Technologies change the world. In the past 40 years, three major pieces of tech have done so: the PC, the internet and the mobile phone. If you are to pick three technologies that will really change the world in the decades ahead, you will take several steps.
First, eliminate the tech that is already on the verge of changing it: autonomous electric vehicles, solar and wind power with battery storage, improved crop yields, artificial intelligence.
Discard, too, the tech that seems to have strictly limited application, like blockchain, and those that seem likely to change it only slightly: graphene, electrified air transport, zero-carbon building materials, small modular nuclear reactors, cancer vaccines.
That leaves a small group of tech, of which three stand out. They represent, in turn: a huge leap in responsible consumption, a huge leap in manufacturing, and a huge leap in power.
Future tech: Cultured meat for food
The term cultured meat may seem a mere mouthful, but its effects may dwarf most others. We use half the world’s habitable land for agriculture, and more than three-quarters of that is used for livestock. As countries try to meet the demand for produce, for example China’s demand for Australia’s seafood, they are also denuding many of the world’s seas of fish.
The rise of lab-grown meat could radically reduce human pressure on the natural world, while cutting water use and greenhouse gas emissions (cows burp a lot of methane).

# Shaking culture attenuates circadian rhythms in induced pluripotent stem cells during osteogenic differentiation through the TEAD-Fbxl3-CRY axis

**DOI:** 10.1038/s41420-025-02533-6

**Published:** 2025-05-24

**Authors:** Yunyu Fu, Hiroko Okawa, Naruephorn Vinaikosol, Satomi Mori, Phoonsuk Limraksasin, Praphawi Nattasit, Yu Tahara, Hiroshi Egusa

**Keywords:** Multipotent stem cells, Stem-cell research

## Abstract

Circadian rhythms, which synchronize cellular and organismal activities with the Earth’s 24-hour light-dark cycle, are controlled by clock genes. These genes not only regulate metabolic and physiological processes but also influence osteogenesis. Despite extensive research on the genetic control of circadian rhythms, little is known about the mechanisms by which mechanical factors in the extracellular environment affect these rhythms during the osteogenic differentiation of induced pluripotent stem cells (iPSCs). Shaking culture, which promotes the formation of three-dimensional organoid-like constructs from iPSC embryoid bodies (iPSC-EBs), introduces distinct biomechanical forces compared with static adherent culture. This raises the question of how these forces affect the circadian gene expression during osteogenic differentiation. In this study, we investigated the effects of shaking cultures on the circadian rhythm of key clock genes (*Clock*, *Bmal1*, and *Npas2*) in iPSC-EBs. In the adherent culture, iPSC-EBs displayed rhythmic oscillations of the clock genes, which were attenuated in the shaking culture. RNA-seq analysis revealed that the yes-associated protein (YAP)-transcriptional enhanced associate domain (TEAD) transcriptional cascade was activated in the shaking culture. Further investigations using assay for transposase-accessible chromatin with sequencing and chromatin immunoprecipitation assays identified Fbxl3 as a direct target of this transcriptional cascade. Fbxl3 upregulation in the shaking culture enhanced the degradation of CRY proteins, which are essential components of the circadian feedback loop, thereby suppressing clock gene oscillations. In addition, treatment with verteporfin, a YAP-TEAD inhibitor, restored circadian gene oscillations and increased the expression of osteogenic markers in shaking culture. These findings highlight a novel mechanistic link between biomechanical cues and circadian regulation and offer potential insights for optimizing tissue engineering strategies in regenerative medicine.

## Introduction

Cultured meat is mostly mushy – mince, really – and cultured-meat researchers mostly admit we’re still a long way from the muscle and fat of perfect steak. The artificiality makes some people queasy. But it’s reportedly very edible.
Make it at least vaguely competitive with existing meats, and we may quickly create a widespread social taboo against eating meat from what were once live animals. Greater demand and further innovation could drive down prices quickly.
The big trick, then, is for companies like Memphis Meats, Just, Finless Foods, Mosa Meat and Tyson Foods to make culturing fast and energy efficient, and thus affordable. Investors from Bill Gates to agriculture giant Cargill are betting that can happen. (Gates has also invested in plant-based artificial meats.)
Keep the price cuts coming over the next decade or two, and the world may have a lot more food factories and a lot less cows and fishing boats.
Future tech: Flexible, object-manipulating robots
See it, pick it up, do something with it. We do this so commonly that we take it for granted. Now machines are close to doing the same thing, which could transform relatively mundane tasks ranging from bricklaying to manufacturing to laundry.
So far, robots have mostly taken over activities where work can be extremely carefully organised, such as car production. To take the next leap in capability, they must cope with real-world messiness. Developments in sensors, actuators and artificial intelligence are starting to unlock that capability.
Future tech: Fusion power
This may be the longest shot, but the search for always-on power is likely to accelerate fusion funding over the next few years after decades of relative neglect. The reward of successful fusion might be almost limitless power, without long-lived and deadly radioactive waste or greenhouse gases.
The principles of fusion are compelling: fuse atomic nuclei at super-high temperatures in a magnetic bottle, forming heavier nuclei, and harvest the heat produced to make electricity just as we now make it by burning coal.